Use of milrinone in non-hyperdynamic sepsis
- Adrian Mellor
© Current Science Ltd 1999
Published: 12 August 1999
The use of PDEIs for specific cytokine-blocking properties is an interesting one that bears further investigation. This study used small numbers of patients in disparate groups, and not surprisingly produced no firm conclusions. Seven out of nine patients in the SIRS group had already undergone cardiac surgery and whilst cardiopulmonary bypass (CPB) provokes a cytokine response, there are several other explanations for myocardial depression. Milrinone is experiencing an increase in popularity in weaning from CPB. Further studies may show the beneficial effect of milronone following CPB. Also of interest is the current work on pre operative "optimisation" with PDEIs and whether an anti-inflammatory role may convey further benefit in this setting.
Phosphodiesterase inhibitors (PDEIs) are positive inotropes and have the additional effect of inhibiting cytokine production and expression. This suggests that PDEIs may be of benefit in the treatment of patients with systemic inflammatory response syndrome (SIRS) or sepsis with a non-hyperdynamic circulatory state. This study investigated this hypothesis by comparing two groups one with SIRS or sepsis (henceforth referred to as SIRS) and a non-hyperdynamic circulatory state, and the other with congestive heart failure (CHF), to see whether milrinone conferred an additional benefit in SIRS patients.
To characterise the effect of the PDEI milrinone in adult patients with a non-hyperdynamic circulation during SIRS compared to patients with CHF.
The study design was a prospective, protocol-driven, open labelled study conducted in an eight bed cardiology-medical ICU. Consecutive patients with SIRS (by standard criteria) were eligible for inclusion if cardiac output was less than 5.5 l/min or systemic vascular resistance (SVR) was greater than 800 dyn X sec X cm-5. These patients comprised group one. Group two was a control group of patients with CHF who required inotrope support whilst awaiting transplant or assist device implantation. Fluid resuscitation and other inotropes (dopamine/dobutamine/norepinephrine/epinephrine) were used in addition to milrinone. Determinations of haemodynamic variables were performed every 8 h for at least 40 h. Thermodilution was used for cardiac output calculations. For statistical analysis the best values after milrinone administration were compared to the average of three values prior to milrinone administration.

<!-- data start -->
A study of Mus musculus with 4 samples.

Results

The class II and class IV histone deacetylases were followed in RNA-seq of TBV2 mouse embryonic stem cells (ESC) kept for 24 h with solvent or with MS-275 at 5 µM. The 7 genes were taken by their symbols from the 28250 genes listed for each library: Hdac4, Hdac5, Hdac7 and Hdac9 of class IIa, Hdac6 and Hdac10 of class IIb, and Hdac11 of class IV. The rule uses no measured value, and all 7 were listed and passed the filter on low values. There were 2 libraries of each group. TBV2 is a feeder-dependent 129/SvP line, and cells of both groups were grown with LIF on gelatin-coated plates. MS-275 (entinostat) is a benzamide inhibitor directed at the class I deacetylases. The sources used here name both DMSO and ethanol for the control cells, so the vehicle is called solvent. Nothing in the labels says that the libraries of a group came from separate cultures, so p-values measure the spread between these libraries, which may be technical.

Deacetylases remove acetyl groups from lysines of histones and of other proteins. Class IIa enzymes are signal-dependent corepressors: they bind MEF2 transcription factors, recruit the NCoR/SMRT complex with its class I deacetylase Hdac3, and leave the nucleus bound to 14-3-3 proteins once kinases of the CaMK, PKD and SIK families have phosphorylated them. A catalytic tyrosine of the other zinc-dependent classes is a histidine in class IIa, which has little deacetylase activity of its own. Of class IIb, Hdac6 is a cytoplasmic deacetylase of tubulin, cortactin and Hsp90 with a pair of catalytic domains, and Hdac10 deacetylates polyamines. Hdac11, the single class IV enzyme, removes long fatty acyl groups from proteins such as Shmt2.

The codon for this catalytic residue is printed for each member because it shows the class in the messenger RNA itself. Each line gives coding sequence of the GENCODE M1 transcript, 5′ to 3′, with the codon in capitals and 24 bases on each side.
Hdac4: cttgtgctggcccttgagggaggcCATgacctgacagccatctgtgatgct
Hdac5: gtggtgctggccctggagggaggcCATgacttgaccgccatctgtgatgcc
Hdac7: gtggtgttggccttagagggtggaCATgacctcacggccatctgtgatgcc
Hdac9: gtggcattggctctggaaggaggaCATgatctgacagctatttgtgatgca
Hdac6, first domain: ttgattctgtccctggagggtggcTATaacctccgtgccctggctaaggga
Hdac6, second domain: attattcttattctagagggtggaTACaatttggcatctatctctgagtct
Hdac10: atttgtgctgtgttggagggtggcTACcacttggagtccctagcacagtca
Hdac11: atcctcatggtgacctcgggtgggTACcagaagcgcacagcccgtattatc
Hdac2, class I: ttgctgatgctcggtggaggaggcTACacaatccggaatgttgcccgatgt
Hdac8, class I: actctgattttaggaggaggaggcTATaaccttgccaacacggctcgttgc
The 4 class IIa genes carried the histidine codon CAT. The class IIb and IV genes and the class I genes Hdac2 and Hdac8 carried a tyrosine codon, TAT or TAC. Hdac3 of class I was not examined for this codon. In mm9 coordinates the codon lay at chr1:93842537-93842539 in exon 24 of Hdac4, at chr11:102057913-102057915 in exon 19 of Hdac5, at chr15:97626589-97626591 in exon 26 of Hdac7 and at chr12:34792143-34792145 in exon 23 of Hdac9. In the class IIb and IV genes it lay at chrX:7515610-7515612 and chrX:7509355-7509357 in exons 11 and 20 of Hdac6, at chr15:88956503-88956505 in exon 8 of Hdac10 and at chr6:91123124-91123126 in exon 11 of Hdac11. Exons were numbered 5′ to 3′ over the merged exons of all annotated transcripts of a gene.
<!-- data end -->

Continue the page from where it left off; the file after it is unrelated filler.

Sixteen patients were recruited to the study (M:F 1:1). All patients had heart disease, and seven of the patients in group one were postoperative. During milrinone infusion the cardiac index increased, and SVR decreased in all patients. The SVr decrease was only significant in group two, and there was no difference in the cardiac index change between the two groups. Norepinephrine and epinephrine infusions had to be increased in the two groups, to counteract vasodilation during milrinone administration.
Milrinone improved cardiac output to an equal extent in both groups as shown by a left ventricular stroke work index (LVSWI) improvement, despite falling pulmonary capilliary wedge pressure (PCWP). Despite the fact that PDEIs improve survival in animal models of sepsis no additional beneficial effects of milrinone were evident. It may well be that milrinone was administered too late to be of any benefit, that milrinone exerted a comparable anti-inflammatory effect in both groups, or simply that the numbers in this pilot study were too small to show a difference. Clinically, the profound vasodilating effects of milrinone may also cause a problem, even when a loading dose is not used.